Roman Catholic Church Installs New Bishop Larry Nicasio

Saturday morning was a day of celebration for the Roman Catholic Diocese of Belize City-Belmopan.  It formally welcomed its third native Bishop, Lawrence Sydney Nicasio of Dangriga, in an elaborate three-and-a-half-hour ceremony, featuring the convergence of many cultures.  A coterie of bishops from across the Caribbean congregated to formally make Nicasio, who succeeds Monsignor Dorrick Wright, one of their own.  And the new Bishop can count on the goodwill of the sizable audience gathered into S.J.C. Gymnasium and the many others who followed on television and online. News Five’s Aaron Humes attended and has the following report.

 

Aaron Humes, Reporting

The Roman Catholic Church is not one to skimp on ceremony, so for the arrival of a new spiritual leader, they pulled out all the stops. The faithful from across Belize, especially a large Dangriga contingent, packed St. John’s College Gymnasium to the rafters to welcome new Bishop Lawrence Sydney Nicasio. The ceremony itself featured praise and worship in no less than four different languages – English, Spanish, Garifuna and Latin – and contributions from all cultures. Bishop Nicasio was paraded into the congregation, blessed with the Gospels and laying on of hands, and charged to lead, to ask this multi-faceted Church congregation to come together.

 

Lawrence Nicasio

Lawrence Nicasio, Bishop, Roman Catholic Church

“As Bishop, it’s a tough job; but the Church is alive when you give life to this Church, and so I cannot do it alone; and so if we are going to be a Church that is alive, you must do your part.”

 

Bishop Nicasio’s first words – in keeping with his motto taken from the book of Micah, which speaks of walking humbly with God – was to give thanks that his day had finally come, after breaking out in song.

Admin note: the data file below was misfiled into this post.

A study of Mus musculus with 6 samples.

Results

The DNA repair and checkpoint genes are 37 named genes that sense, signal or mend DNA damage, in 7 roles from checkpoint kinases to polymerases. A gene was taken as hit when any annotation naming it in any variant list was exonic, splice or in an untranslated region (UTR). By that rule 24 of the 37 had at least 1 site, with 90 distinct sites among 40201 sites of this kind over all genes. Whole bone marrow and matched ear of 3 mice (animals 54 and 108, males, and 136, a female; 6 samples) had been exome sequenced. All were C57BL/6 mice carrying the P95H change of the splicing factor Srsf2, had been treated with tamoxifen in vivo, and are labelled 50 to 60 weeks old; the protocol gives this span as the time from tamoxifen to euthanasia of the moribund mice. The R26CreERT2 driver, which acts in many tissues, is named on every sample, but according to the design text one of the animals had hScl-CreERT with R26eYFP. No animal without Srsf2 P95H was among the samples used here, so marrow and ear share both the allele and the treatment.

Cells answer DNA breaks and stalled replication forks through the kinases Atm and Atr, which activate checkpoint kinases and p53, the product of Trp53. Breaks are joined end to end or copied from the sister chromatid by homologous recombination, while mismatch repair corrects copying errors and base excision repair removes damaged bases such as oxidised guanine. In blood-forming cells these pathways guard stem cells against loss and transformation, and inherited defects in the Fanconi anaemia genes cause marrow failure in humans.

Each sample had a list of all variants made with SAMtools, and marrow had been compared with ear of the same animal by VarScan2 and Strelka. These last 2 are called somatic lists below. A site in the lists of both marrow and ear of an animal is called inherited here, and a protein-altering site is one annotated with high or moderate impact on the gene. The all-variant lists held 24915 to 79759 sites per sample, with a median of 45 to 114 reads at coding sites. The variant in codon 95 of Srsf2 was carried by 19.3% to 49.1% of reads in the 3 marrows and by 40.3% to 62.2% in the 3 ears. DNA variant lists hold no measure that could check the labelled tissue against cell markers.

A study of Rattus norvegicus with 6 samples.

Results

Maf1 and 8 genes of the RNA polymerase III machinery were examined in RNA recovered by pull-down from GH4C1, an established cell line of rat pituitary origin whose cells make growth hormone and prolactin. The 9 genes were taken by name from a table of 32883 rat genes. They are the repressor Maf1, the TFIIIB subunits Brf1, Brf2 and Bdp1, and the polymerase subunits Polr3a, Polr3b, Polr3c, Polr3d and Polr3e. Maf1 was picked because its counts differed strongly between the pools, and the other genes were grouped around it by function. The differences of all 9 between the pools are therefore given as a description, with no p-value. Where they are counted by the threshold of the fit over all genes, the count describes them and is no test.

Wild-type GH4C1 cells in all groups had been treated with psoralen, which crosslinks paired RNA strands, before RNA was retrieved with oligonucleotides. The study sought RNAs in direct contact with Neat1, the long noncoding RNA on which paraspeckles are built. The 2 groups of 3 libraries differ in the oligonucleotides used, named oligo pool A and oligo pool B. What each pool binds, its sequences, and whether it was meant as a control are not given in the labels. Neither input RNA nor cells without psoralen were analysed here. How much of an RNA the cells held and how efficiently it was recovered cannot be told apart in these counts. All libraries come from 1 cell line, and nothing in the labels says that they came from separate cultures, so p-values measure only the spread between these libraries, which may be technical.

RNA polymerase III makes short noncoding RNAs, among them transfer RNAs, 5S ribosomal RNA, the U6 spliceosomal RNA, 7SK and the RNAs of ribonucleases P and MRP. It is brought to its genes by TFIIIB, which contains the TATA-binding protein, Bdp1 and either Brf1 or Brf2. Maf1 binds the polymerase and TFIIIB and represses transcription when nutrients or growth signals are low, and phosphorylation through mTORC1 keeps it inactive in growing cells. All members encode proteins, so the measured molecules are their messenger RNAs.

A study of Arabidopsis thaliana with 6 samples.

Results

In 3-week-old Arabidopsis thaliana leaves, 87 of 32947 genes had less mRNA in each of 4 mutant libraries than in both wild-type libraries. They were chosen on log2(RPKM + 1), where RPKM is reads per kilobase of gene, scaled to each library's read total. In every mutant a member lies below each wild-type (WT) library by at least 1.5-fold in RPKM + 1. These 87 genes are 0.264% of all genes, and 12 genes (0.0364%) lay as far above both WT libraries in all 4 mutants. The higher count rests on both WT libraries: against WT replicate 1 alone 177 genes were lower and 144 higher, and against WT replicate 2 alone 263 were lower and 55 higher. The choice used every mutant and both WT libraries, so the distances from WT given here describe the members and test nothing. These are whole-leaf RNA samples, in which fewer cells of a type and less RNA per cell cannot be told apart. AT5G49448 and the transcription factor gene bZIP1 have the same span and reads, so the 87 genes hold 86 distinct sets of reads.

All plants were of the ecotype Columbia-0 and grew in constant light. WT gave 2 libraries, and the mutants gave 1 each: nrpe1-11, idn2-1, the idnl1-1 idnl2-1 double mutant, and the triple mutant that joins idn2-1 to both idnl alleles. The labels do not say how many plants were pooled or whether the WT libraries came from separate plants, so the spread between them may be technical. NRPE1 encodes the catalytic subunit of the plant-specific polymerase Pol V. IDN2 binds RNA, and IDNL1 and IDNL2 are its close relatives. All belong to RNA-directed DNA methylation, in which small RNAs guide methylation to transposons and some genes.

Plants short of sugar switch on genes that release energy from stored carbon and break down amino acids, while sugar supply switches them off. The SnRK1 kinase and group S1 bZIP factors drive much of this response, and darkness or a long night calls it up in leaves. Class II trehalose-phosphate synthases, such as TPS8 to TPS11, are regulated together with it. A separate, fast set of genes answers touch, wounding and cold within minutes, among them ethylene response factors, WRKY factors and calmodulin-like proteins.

Lawrence Nicasio

“The Lord God has brought us together to be a part of this celebration this morning. It’s been a time waiting – since December I was notified and this is May, but good things come for those who wait, and so it has happened. I would like to offer thanks to our God, especially on this day, as we celebrate Our Lady of Fatima – her feast day today – and we are grateful to her as well. I want to give thanks to the Holy Father who was able to sign off on that appointment and selecting me to be the Bishop of this diocese. I want to give thanks to Bishop Wright and Bishop Glancy for working along with me; they did a lot of work in the preparation, everything, a lot of things, was new to me, and they helped out very much.”

 

The centrepiece of the Bishop’s new coat of arms, surrounding the Christian cross and the symbols for the Greek letters alpha and omega, features a common Garifuna implement: the ruguma. It’s the special knitted straw strainer used to draw out the poison from the grated cassava – aided by human power – in order to make cassava bread. Auxiliary Bishop, Christopher Glancy, explains why our separate cultures can be a source of unity against evil.

 

Christopher Glancy

Christopher Glancy, Auxiliary Bishop, Roman Catholic Church

“You know, today, we need something to squeeze the poison of our society; we need something to squeeze out the violence, the anger. (Applause) And certainly, Mary teaches us in prayer, in the Rosary, that’s one thing; but in those cultural traditions as well – in the traditions of the Garifuna people, in the traditions of the Maya, the Kriol, the Mestizo, are all round our country – ways that bring us together, across generations, and help us to squeeze that poison out of our society. So newly-elected Bishop Lawrence Nicasio: lead us; guide us; show us how to use the ruguma, just as Jesus said: Remain in my love, that my love might be in you and your love might be complete; that my joy might be in you and your joy might be complete. This is my command; love one another, as I have loved you. So show us how to integrate the daily prayer of the Rosary, as Mary instructed us at Fatima; teach us how to live the Garifuna greeting: darangila, luma, esieni – peace and love.  Paz y amor.”

 

Aaron Humes reporting for News Five.

 

Bishop Nicasio was consecrated by the Papal Nuncio, Leon Kalenga; the Archbishop of Nassau, Bahamas, Patrick Pinder; and Auxiliary Bishop of New Orleans, Fernand Cheri, under the management of Archbishop emeritus of Castries, Cardinal Kelvin Felix.  The Government of Belize was represented by Deputy Prime Minister Patrick Faber, while Leader of the Opposition John Briceño represented his party.  Bishop Phillip Wright of the Anglican Church was also present.